UN: Most of world’s population ‘still offline’


Internet user growth is slowing and over half of the world's 7 billion people are offline, the United Nations (UN) has warned in a report released this week.


Around 57% (or 4.2 billion people) do not enjoy regular access to the Internet and in the least-developed countries, only one in 10 people is online, the report found.

At the same time however, mobile cellular subscriptions exceeded 7 billion for the first time this year.

Despite the upsurge in mobile, the UN admitted that the milestone it set back in 2011 to get 4 billion internet users by 2020 is "unlikely to be achieved".

"This year's report finds mixed messages… Although strong growth rates continue for mobile broadband and Facebook usage, and mobile cellular subscriptions exceeded 7 billion for the first time during 2015, growth in global mobile cellular subscriptions and growth in Internet usage have slowed sharply," the UN's report said.

"We have reached a transition point in the growth of the Internet," the UN's report said.

The UN attributed a key barrier to growth as poor access in rural or remote areas due to "steep increases in marginal costs of network deployments for less densely populated or more remote areas, jeopardizing the viability of service provision on a commercial for-profit basis".

Another "major" issue is expanding the web to represent the world's languages online. Today, only 5 percent of the world's languages are represented online, the UN said.

"Evidence suggests that overcoming the Internet's language barriers will be a key determinant in helping drive demand for – and access to – Internet services and content," the report concluded.

There is also gender inequality when it comes to broadband access. Across the developing world, nearly 25 percent fewer women than men have Internet connectivity, and this gap rises to nearly 50 percent in some parts of sub-Saharan Africa.

"If women and girls are unable to enjoy the same access to broadband and ICTs, including the availability of relevant content, they will find themselves at a serious disadvantage in becoming fully literate, accessing skilled jobs, learning about and exercising their rights, and participating as citizens in public and policy-making processes," the UN warned.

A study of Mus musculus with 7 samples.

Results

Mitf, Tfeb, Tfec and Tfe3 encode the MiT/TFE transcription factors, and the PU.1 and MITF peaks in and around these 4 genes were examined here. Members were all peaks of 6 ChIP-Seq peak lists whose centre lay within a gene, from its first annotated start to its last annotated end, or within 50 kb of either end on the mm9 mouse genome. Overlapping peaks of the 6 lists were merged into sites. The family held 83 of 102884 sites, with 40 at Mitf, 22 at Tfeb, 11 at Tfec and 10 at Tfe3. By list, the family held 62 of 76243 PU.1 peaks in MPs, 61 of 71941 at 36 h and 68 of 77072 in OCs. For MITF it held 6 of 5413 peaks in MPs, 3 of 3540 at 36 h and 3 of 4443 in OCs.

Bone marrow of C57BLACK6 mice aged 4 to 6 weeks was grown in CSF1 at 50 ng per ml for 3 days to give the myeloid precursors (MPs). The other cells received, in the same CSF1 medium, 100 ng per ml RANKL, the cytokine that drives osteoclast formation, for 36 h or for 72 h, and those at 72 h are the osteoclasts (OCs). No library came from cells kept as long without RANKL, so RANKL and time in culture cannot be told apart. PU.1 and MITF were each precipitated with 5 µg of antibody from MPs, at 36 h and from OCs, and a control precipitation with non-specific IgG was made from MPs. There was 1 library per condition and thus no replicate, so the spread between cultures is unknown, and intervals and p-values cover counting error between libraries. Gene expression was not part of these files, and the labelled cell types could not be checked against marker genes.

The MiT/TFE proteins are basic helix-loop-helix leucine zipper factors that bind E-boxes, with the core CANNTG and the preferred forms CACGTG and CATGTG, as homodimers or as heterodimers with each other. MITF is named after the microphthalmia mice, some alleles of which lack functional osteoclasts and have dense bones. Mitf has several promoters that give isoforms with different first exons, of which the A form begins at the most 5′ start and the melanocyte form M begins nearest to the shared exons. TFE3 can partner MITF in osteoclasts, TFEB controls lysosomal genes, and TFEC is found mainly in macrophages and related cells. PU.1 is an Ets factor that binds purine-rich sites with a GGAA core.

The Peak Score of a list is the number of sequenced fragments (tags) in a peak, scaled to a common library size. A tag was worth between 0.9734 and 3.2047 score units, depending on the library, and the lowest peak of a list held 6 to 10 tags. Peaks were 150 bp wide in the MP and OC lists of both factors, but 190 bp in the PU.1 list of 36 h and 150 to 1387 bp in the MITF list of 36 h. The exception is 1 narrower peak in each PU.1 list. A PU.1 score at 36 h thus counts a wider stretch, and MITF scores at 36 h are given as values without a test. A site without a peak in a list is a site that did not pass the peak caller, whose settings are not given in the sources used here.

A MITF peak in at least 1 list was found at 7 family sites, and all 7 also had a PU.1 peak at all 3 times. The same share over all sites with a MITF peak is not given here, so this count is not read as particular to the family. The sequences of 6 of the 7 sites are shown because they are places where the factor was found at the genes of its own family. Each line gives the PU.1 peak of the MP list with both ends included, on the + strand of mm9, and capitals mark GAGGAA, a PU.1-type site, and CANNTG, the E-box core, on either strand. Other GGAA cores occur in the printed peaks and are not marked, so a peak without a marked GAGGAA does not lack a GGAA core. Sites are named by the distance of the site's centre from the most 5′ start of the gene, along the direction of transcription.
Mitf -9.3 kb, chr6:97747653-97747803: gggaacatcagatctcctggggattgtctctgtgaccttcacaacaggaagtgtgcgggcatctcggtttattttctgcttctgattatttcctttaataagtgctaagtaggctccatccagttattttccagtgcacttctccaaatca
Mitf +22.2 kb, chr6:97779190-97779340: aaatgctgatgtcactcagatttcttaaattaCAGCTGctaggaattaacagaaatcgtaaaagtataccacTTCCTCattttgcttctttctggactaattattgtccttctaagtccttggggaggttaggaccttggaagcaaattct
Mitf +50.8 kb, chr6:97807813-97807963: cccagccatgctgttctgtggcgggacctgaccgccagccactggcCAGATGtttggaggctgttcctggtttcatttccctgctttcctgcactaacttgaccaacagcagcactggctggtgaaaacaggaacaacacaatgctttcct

Analysis- local language and SMS key to brand trust

Marco Veremis, CEO Upstream, commented on the findings: “The UN’s broadband report shows just how limited Internet connections are around the world. Even though globally about half the world is able to access the Internet, in growth markets such as Vietnam and Nigeria, this drops to as low as 6.9%. In these markets the Internet is accessed on mobile devices in the first instance, and the likes of Google are standing in the wings to provide the hardware and content to those consumers who own smartphones.

“However only 40% of phones globally are smartphones. Traditional channels, such as SMS prove to be more reliable when it comes to reach all 7.09 billion mobile phone subscriptions globally and for brands this is one which shouldn’t be ignored. Diverse content from language learning services to quizzes and local information can be shared over SMS effectively.

“A second important point with the UN report made is that only 5% of the world’s languages are represented on the Internet. Research we undertook with Ovum found that growth market consumers in Nigeria, Vietnam, India and Brazil prefer content in their local language. Brands looking to break into these markets can easily build trust with their target market simply by ensuring their content is available in local languages. A simple point but one which has so far been overlooked when offering digital services.”